President Barack Obama is gradually making good on his campaign promise to revitalize some of the nation’s more troubled urban centers – black inner cities that have been plagued by rising crime, skyrocketing unemployment, public school closings, boarded-up buildings and local government corruption.
Whether or not it’s too little too late has yet to be seen.
His was a tall order for America’s first black commander-in-chief, who was once affectionately known as America’s “urban president.” But since Obama took office in 2009, black Americans have become financially strapped and frustrated, and many black families are struggling to make ends meet. Layoffs from companies that are still not hiring have placed many African-Americans into desperate financial straits.
In Detroit, for example, in an effort to help reduce the city of Detroit’s $327 million budget deficit, half of its public schools closed earlier this year, sending hundreds of teachers to join growing unemployment lines. Detroit school officials said that 70 schools will eventually close, leaving 72 others to accommodate displaced students.
U.S. Housing and Urban Development Secretary Shaun Donovan recently announced a pilot plan designed to spur economic growth in urban America by partnering with federal officials and local leaders in six cities. The program, “Strong Cities, Strong Communities,” was unveiled during a news conference this week in Detroit.
As part of the initiative, community solutions teams made up of employees of several different federal agencies will work directly with local officials in Detroit, Chester, Pennsylvania; Fresno, Califronia; Memphis, Tennessee; Cleveland, Ohio and New Orleans, Louisiana.
In a conference call with reporters this week, White House Senior Advisor Valerie Jarrett said that Obama believes cities are centers for innovation and economic growth. “Revitalization of cities will help revitalize the overall economy,” she said.
This not a new grant funding program, Jarrett explained, but rather a new way to work together to revitalize cities and leverage resources.
“We recognize every community is unique,” she said. “The Obama administration will partner with them to identify, strengthen and leverage assets.”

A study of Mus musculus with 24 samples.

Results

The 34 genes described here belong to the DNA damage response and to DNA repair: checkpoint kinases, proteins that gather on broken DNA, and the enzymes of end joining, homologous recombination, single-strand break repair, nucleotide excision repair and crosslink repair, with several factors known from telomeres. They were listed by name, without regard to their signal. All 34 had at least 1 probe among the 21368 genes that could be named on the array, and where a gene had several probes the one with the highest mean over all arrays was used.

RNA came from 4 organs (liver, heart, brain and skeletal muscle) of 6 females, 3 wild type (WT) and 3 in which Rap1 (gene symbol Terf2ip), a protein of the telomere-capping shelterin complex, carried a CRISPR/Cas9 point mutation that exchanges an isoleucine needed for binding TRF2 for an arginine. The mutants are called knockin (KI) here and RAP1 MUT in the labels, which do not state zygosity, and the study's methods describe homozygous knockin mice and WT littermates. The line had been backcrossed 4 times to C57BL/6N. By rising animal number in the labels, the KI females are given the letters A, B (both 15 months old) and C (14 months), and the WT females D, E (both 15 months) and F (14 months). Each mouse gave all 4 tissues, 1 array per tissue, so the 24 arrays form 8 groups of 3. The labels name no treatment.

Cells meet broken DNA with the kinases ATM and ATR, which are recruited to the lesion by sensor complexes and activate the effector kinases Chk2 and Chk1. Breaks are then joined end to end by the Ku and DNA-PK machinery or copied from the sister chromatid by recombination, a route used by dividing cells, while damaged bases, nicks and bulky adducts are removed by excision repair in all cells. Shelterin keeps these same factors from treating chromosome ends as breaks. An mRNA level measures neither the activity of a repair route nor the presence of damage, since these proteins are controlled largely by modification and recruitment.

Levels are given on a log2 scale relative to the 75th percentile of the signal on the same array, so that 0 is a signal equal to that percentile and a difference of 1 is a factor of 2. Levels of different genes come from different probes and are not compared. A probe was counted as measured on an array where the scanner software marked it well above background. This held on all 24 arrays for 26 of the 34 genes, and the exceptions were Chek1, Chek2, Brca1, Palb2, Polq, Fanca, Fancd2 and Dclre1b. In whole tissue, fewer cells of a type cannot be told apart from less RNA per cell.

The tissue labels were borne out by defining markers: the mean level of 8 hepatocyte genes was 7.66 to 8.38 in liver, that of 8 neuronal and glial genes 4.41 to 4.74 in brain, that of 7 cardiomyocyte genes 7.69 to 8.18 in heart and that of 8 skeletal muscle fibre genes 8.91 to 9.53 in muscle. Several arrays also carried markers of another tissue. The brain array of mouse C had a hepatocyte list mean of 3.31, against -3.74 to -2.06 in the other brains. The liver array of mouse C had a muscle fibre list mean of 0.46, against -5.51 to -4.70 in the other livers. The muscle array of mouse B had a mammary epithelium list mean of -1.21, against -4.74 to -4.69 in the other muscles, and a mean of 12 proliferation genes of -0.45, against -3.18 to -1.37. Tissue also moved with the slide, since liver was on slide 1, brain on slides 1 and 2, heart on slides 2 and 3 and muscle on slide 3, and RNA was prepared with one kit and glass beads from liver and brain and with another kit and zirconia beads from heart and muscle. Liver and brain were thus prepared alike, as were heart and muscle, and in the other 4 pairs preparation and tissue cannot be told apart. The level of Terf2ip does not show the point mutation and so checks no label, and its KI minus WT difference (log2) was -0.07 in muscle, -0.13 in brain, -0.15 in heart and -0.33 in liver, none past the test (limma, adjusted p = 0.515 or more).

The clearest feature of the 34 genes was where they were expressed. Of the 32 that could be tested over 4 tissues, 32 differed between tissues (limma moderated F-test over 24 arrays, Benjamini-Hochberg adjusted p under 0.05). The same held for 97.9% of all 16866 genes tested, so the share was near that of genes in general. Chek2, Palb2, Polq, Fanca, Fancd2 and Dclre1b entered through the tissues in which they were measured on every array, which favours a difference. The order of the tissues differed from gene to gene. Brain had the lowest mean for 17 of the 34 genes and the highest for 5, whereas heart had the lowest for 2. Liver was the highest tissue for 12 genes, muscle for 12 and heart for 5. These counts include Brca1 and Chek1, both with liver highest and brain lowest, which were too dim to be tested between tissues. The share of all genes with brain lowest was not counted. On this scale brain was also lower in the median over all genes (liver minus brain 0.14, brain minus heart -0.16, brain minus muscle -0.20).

Critics of Obama, however, are skeptical. They’ve heard ambitious initiatives – and great speeches – from Obama, before but have not seen the results to back up the rhetoric. Some say Obama’s recovery plan for devastated cities may be too little too late, as the black unemployment rate is a staggering 16.2 percent.
In 2009, Obama created the White House Office on Urban Policy to address an unprecedented range of poverty, jobs and housing initiatives for disenfranchised black and Latino communities across the country.
The White House web site says Obama and Vice President Joe Biden created the White House Office on Urban Affairs to develop a strategy for metropolitan America and to ensure that all federal dollars targeted to urban areas are effectively spent on the highest-impact programs.
Obama planned to invest $1 billion over five years for job training programs to help low-income black and Latino Americans find gainful employment. But the ambitious initiatives appeared to have been frozen as a result of the sluggish economic climate.
Until now, so says the administration.
Obama knows that urban areas are the financial engines that drive America’s economy. He is also aware that no U.S. president in history has ever been re-elected when the unemployment rate is above 7.2 percent. Today, the jobless rate is 9.2 percent, and economists are not predicting a drop in the rate anytime soon.
Obama’s re-election bid is inexplicably linked to the nation’s unemployment rate. It’s simple political math: The higher the unemployment rate, the less chance Obama has of recapturing the White House.
The president has work to do to – and fast – as the 2012 presidential campaign is already in full gear, and Republicans are using the high unemployment rate to harass Obama at every opportunity.
A good friend, an African-American professional who has been out of work for two years after getting laid off of a job for more than 20 years of service, said flatly he’s not voting for Obama because “Republicans understand business and success.” Sadly, his opinion reflects the views of other black Americans who are unemployed and experiencing the same frustrations.
Take Detroit, for example: Here’s a city with a 20 percent unemployment rate, and more than 80,000 boarded-up buildings. Black men are out of work, and the auto industry, once the cornerstone of Detroit’s vibrant economy, is in tatters.
So, how is this new government programs going to bring better jobs to the city?
“We found Detroit was having problems spending the resources it already had,” Donvan said, “so it will help accelerate use of federal resources.”
But Mary Kay Henry of the SEIU correctly insists that black people are facing disproportionate hardships as a result of the economic slump, and Obama critics, like Princeton University professor Cornel West, argue that the president needs a special plan to address blacks with special financial needs.
“African-Americans who work as nurses, corrections officers, teachers and who provide other critical public services at the state and local levels are an important part of the nation’s middle class and carry the burden of unshared sacrifice,” Henry said. “And, while the rich get richer, too many families in black communities are losing hope for getting out of debt, owning a home, retiring with dignity and giving their children a better life than they had.”
Obama campaigned on a message of hope and the high-energy slogan “Yes, We Can.” Unfortunately, the hope from Obama’s mantra has turned into hopelessness for many blacks, and Obama is going to have a tough time re-energizing his African-American base if the black unemployment rate remains so high.